The study of Immunology deals with immune system function. This includes:
- T cells
- B cells
- Dendritic cells
- Natural killer cells
Immunology is a relatively new science. Its origin is usually attributed to Edward Jenner, who discovered in 1796 that cowpox, or vaccinia, induced protection against human smallpox, an often fatal disease. Jenner called his procedure vaccination, and this term is stilled used to describe the inoculation of healthy individuals with weakened or attenuated strains of disease-causing agents to provide protection from disease. Although Jenner’s experiment was successful, it took almost two centuries for smallpox vaccination to become universal, an advance that enabled the World Health Organization to announce in 1979 that smallpox had been eradicated, arguably the greatest triumph of modern medicine.
When Jenner introduced vaccination he knew nothing of the infectious agents that cause disease: it was not until late in the 19th century that Robert Kock proved that infectious diseases are caused by microorganisms, each one responsible for a particular disease, or pathology. We now recognize four broad categories of disease-causing microorganisms, or pathogens: these are viruses; bacteria; pathogenic fungi; and other relatively large and complex eukaryotic organisms collectively termed parasites.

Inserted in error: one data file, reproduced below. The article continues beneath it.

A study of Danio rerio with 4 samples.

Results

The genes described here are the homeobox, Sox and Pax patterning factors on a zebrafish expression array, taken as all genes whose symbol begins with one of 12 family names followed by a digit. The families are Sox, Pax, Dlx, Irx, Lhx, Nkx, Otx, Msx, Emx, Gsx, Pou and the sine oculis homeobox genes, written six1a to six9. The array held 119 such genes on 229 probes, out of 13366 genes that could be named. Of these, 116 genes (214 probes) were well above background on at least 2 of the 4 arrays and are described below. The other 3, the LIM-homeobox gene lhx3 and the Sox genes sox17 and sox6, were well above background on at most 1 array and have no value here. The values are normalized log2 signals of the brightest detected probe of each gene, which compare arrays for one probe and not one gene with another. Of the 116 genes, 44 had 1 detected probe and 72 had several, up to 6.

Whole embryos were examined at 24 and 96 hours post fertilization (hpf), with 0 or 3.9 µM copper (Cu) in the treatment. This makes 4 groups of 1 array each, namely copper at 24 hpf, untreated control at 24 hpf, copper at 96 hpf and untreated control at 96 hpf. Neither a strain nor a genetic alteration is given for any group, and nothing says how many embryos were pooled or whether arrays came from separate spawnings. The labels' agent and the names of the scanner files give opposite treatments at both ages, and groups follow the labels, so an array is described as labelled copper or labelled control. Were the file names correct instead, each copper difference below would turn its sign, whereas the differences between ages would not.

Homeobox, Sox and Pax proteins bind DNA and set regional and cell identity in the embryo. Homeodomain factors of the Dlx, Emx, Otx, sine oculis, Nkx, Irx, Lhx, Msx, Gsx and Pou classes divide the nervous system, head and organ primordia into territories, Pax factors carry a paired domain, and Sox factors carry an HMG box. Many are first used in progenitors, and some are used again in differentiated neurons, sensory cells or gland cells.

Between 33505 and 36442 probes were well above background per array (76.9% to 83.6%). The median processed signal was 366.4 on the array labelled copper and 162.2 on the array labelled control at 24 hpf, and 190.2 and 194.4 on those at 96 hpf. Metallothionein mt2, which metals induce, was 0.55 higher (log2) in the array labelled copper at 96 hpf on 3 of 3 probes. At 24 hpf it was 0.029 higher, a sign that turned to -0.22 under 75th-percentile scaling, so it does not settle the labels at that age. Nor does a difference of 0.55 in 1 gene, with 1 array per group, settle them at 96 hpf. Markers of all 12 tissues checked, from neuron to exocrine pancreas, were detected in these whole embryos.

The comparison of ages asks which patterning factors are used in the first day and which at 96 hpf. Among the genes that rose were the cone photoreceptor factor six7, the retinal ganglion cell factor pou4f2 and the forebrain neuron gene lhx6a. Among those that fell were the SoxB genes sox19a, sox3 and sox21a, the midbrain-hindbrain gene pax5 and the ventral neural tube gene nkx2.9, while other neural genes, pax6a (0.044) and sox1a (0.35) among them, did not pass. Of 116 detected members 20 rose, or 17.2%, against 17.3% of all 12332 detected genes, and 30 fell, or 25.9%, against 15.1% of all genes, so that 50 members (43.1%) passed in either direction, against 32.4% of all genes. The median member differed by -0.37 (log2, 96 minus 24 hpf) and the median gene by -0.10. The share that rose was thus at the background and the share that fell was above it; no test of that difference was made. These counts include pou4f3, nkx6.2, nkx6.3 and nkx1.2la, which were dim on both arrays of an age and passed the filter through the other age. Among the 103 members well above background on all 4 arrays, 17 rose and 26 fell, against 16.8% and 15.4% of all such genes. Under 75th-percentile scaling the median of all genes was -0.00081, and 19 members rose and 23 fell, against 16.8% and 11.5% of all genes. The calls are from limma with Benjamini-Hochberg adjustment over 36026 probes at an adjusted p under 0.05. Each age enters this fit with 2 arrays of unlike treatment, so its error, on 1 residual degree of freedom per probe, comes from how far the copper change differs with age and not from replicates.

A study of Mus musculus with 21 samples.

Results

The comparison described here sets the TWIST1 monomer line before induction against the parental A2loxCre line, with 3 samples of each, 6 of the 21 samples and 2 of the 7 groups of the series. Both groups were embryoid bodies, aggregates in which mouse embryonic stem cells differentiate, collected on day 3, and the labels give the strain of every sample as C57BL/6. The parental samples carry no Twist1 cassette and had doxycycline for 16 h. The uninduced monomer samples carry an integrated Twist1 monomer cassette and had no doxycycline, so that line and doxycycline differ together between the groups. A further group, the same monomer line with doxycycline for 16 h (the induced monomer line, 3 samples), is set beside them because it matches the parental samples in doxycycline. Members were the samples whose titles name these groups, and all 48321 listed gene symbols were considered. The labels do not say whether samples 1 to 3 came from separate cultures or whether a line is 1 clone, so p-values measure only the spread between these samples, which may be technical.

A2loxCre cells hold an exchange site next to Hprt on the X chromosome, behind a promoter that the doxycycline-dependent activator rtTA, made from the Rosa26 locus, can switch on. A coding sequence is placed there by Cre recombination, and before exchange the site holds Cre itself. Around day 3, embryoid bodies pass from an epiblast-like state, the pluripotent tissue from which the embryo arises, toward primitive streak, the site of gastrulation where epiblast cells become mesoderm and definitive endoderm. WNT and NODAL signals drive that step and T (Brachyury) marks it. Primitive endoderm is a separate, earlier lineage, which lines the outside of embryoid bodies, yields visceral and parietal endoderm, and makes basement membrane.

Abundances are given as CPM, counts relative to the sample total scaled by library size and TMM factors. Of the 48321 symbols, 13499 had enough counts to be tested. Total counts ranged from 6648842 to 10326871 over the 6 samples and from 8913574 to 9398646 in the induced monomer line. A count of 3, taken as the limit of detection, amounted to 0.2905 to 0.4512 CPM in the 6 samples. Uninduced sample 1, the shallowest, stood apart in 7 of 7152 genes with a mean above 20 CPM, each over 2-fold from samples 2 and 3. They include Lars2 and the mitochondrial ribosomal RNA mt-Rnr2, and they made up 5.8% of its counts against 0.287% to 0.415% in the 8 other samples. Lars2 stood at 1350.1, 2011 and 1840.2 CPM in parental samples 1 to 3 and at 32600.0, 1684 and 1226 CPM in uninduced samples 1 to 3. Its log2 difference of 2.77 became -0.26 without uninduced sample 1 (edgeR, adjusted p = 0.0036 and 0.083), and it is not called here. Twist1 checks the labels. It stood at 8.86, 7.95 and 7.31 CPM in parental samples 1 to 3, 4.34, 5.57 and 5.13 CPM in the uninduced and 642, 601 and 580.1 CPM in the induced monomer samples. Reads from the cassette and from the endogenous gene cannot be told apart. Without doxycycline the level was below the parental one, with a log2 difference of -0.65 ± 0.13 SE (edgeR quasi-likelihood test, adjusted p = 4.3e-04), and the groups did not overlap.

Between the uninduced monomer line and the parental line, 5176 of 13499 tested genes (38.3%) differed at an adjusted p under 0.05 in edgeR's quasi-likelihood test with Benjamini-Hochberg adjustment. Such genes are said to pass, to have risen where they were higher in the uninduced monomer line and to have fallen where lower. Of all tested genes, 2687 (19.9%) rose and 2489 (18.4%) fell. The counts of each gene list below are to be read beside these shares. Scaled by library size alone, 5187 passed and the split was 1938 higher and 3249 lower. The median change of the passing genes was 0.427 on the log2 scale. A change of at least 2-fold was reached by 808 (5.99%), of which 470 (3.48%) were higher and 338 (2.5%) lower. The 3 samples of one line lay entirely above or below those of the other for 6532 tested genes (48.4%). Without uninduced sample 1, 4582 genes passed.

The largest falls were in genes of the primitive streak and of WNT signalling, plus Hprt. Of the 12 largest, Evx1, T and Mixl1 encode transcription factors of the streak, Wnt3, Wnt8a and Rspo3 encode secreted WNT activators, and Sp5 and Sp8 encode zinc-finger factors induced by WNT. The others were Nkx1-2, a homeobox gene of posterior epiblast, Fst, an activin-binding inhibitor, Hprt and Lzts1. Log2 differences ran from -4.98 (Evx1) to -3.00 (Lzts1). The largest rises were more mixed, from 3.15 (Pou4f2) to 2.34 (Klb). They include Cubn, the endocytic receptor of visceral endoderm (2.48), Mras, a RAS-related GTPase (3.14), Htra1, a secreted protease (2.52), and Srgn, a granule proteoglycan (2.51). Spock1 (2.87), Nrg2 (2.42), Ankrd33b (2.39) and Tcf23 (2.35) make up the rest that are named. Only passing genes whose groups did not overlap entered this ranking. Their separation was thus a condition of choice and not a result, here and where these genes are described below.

The discoveries of Koch and other great 19th century microbiologists stimulated the extension of Jenner's strategy of vaccination to other diseases. In the 1880s, Louis Pasteur devised a vaccine against cholera in chickens, and developed a rabies vaccine that proved a success upon its first trial use in a boy bitten by a rabid dog. These practical triumphs led to a search for the mechanism of protection and to the development of the science of immunology. In 1890, Emil von Behring and Shibasaburo Kitasato discovered that the serum of vaccinated individuals contained substances, which they called antibodies, that specifically bound to the relevant pathogen.